And the ultimate goal? More nap time.
A new survey by home improvement retailer Lowe's suggests that the most important factors influencing smart home interest are convenience, cost, and security.
When it comes to convenience, the biggest appeal of the smart home is the ability to control your home from anywhere. And buyers seem to specifically enjoy fiddling with settings from the comfort of their beds. Some 70 percent of respondents cited this as something that interests them.
Another interesting takeaway? Less than half (44 percent) said they want to be able to adjust their thermostats with their phone. That could be troubling news for high-profile smart home brands like Nest and Honeywell.
Of course, none of this matters if consumers have to refinance their mortgage just to afford smart home tech. More than half of surveyed Americans (56 percent) said pricing was the most important factor in smart home purchases. And not surprisingly, few want to pay a monthly fee. Just 21 percent said they want a professionally installed product with a subscription plan, while 50 percent prefer a DIY home monitoring solution without any recurring cost.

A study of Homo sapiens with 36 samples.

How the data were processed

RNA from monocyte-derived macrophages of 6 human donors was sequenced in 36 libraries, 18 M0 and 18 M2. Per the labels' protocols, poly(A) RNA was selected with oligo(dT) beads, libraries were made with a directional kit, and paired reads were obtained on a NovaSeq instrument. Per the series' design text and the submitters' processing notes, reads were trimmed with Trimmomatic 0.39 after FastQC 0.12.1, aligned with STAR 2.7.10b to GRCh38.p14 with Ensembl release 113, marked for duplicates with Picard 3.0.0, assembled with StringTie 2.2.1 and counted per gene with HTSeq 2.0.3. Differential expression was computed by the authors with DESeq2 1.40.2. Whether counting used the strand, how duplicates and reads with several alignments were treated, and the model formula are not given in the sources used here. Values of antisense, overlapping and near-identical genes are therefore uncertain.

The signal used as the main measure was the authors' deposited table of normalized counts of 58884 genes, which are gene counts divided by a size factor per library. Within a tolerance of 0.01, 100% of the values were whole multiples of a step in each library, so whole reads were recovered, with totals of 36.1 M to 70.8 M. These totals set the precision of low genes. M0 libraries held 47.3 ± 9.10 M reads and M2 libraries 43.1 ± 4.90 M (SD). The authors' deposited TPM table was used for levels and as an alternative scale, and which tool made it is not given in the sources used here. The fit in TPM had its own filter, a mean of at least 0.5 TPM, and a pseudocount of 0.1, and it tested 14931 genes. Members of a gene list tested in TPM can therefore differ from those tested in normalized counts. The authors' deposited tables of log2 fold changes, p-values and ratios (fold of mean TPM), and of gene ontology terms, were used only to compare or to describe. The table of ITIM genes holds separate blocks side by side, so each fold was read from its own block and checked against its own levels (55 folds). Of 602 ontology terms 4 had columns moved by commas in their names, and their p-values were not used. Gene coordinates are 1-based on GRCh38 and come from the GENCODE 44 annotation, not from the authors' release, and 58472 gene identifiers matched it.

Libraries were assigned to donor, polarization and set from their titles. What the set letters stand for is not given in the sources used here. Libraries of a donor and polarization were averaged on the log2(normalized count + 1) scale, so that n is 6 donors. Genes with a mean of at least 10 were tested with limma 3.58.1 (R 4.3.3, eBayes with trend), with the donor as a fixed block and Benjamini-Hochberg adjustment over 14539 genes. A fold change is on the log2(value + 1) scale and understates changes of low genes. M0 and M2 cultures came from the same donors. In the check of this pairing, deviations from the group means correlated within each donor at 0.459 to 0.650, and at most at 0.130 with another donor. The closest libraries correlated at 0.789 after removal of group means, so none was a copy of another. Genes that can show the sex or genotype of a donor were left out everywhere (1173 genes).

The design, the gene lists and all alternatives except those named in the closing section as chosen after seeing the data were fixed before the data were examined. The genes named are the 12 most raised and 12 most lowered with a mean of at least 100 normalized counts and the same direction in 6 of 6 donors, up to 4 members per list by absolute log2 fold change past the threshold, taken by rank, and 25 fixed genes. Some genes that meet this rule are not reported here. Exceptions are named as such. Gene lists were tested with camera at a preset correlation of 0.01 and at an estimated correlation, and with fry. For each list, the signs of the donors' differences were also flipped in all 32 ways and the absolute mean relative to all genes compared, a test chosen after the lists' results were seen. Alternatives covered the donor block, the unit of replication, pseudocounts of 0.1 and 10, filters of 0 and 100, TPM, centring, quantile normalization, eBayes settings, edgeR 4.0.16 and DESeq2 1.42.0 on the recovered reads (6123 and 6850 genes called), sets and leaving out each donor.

Lowe’s would probably prefer that last number to be a lot lower. After all, it's the sole purveyor of the subscription-based Iris smart home hub—the only major smart home platform on the market with a monthly fee. However, Iris' basic monitoring service is free.
Finally, Americans seem to care a great deal about security. Nearly two-thirds of all respondents said home security and monitoring is the top benefit of smart home tech. However, that goal may be complicated by the fact that home automation usually relies on internet access, which can make vital devices and systems vulnerable to remote hacking.
Most of these devices—and particularly the large appliances—are produced by manufacturers that have little experience in digital security. So while a smart home may, for example, be able to lock out anyone without the right fingerprints, the lock itself) is now potentially open to cyber attacks. And unlike garden variety burglars, hackers just do it for the lulz.